Introducing innovative cellular therapies into the clinic: a 2-year retrospective experience of a chimeric antigen receptor T-cell programme at a single centre in Switzerland
AIM OF THE STUDY: Chimeric antigen receptor T (CAR-T) cells are a powerful form of immune-cell therapy for patients with relapsed/refractory B-cell lymphoma and acute B lymphoblastic leukaemia. CAR-T cells have been commercially available in Switzerland since 2018. Because of the complexity and costs of this treatment it is critical to review patient outcomes in real-world settings, to examine whether the promising results from pivotal trials can be reproduced and to identify clinical parameters that determine their efficacy.
METHODS: Here we present results of a retrospective study analysing outcomes of patients treated with CAR-T cells in a single academic centre in Switzerland during the first two years after commercial approval (BASEC-No. 2020-02271). Cytokine release syndrome (CRS), immune-cell associated neurotoxicity syndrome (ICANS), responses to treatment, ancillary laboratory studies and administrative specifics of CAR-T treatment were examined and are discussed.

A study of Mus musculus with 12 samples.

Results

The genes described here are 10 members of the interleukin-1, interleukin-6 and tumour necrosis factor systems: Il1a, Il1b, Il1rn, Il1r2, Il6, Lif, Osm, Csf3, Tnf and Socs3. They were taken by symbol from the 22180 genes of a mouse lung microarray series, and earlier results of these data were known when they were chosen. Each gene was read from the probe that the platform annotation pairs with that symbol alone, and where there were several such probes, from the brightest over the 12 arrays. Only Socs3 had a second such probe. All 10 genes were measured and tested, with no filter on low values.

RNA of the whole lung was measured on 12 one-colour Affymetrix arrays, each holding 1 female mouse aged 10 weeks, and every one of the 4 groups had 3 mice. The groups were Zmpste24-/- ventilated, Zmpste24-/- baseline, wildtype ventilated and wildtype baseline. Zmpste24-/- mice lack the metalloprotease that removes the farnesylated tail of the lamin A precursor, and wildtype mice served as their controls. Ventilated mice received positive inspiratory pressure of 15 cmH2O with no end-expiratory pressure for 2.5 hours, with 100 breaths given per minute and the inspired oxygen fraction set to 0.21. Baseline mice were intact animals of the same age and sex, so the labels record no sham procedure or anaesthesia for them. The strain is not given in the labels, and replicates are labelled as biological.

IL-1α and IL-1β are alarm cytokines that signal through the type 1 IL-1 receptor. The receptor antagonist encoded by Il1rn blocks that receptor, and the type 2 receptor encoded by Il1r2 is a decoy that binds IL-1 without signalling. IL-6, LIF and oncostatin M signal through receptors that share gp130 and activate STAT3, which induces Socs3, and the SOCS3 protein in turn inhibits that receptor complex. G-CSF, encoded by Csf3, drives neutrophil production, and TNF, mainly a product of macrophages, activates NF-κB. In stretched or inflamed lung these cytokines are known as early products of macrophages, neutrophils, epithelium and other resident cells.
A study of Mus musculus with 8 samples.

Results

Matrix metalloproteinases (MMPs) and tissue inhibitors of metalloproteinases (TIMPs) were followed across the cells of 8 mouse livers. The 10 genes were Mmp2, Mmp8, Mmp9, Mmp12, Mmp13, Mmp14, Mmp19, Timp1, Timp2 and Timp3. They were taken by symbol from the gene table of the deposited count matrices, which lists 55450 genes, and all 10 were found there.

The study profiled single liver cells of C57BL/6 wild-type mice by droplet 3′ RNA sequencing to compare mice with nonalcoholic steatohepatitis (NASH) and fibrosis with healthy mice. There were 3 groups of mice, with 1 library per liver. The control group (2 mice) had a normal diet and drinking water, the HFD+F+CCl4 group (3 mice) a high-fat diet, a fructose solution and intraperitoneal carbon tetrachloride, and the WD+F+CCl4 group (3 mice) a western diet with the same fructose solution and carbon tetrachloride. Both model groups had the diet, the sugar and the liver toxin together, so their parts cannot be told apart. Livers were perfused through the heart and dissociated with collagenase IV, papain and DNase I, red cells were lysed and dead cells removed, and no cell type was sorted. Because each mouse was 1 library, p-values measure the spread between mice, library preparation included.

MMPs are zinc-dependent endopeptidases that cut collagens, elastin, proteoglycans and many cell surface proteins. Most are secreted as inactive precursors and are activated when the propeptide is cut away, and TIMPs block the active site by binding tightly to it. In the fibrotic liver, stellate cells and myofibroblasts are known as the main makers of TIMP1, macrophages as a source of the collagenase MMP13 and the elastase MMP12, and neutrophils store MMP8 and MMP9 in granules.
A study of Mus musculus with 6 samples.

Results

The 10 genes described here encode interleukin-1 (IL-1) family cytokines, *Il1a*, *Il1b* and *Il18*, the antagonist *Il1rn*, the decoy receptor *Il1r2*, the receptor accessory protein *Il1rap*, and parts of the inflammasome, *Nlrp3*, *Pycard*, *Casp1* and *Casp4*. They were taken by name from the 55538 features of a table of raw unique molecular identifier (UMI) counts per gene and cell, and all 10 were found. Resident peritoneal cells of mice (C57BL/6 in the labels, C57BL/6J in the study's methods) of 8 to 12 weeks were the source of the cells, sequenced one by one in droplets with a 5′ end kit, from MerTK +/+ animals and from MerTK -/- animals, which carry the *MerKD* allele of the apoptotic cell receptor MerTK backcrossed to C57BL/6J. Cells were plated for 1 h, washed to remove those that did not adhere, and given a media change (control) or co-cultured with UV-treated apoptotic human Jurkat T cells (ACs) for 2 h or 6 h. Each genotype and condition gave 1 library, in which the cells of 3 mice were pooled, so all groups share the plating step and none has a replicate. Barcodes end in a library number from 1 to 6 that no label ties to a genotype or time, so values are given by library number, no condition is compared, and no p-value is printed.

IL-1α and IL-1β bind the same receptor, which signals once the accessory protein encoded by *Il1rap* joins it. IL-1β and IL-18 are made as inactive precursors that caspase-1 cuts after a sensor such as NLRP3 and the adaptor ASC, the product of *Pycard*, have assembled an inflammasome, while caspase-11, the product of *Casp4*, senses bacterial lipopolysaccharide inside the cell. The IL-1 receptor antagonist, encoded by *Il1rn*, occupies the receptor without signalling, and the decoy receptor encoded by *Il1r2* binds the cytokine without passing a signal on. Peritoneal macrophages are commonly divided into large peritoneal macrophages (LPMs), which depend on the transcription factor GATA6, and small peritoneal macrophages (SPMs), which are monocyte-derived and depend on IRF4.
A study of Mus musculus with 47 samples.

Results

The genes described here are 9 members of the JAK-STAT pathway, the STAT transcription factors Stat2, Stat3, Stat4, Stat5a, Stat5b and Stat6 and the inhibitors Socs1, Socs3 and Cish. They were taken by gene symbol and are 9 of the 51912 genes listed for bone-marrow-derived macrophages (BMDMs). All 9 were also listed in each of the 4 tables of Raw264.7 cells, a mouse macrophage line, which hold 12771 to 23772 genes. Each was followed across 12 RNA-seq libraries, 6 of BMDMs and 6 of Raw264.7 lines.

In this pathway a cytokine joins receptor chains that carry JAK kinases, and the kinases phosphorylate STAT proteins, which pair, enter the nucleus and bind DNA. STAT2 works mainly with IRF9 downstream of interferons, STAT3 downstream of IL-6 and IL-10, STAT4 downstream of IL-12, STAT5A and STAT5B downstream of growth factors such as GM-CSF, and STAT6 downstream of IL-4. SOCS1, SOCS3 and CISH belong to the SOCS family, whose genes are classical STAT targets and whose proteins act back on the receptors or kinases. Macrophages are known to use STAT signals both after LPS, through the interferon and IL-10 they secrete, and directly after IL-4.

RESULTS: From October 2018 to August 2020 CAR-T cell therapy was evaluated in 34 patients, mostly with relapsed/refractory aggressive B-cell lymphoma (87% had refractory disease). Thirty-one patients underwent leukapheresis. Three of 31 patients (9.6%) died of rapid disease progression before the CAR-T cell product was delivered, two patients were enrolled into a clinical trial, three patients were not given CAR-T cells for other reasons. Ultimately, 23 patients were infused with a commercial CAR-T cell product and included in this analysis. Fourteen (61%) patients received bridging therapy while waiting for a median of 41 days (range 31–62) for delivery of the CAR-T cell product. Toxicity and severe side effects were rare (CRS >3 in 13%, ICANS > grade 3 in 10% of patients), manageable and resolved completely thereafter. The best overall response rate was 65%, with complete responses in 38% of lymphoma patients. At 12 months postinfusion, 61% of patients were alive and 35% progression free. With a median follow-up of 14 months, 13/23 (56%) patients were alive at the time of writing.
CONCLUSION: CAR-T cell therapy proved to be safe and manageable under adequate hospital conditions. Outcomes resemble results from pivotal trials. The majority of patients was heavily pretreated and refractory at the time of CAR-T cell infusion. Patient selection, time point of leukapheresis, bridging strategies and timing of CAR-T cell infusion may be critical to further improve outcomes.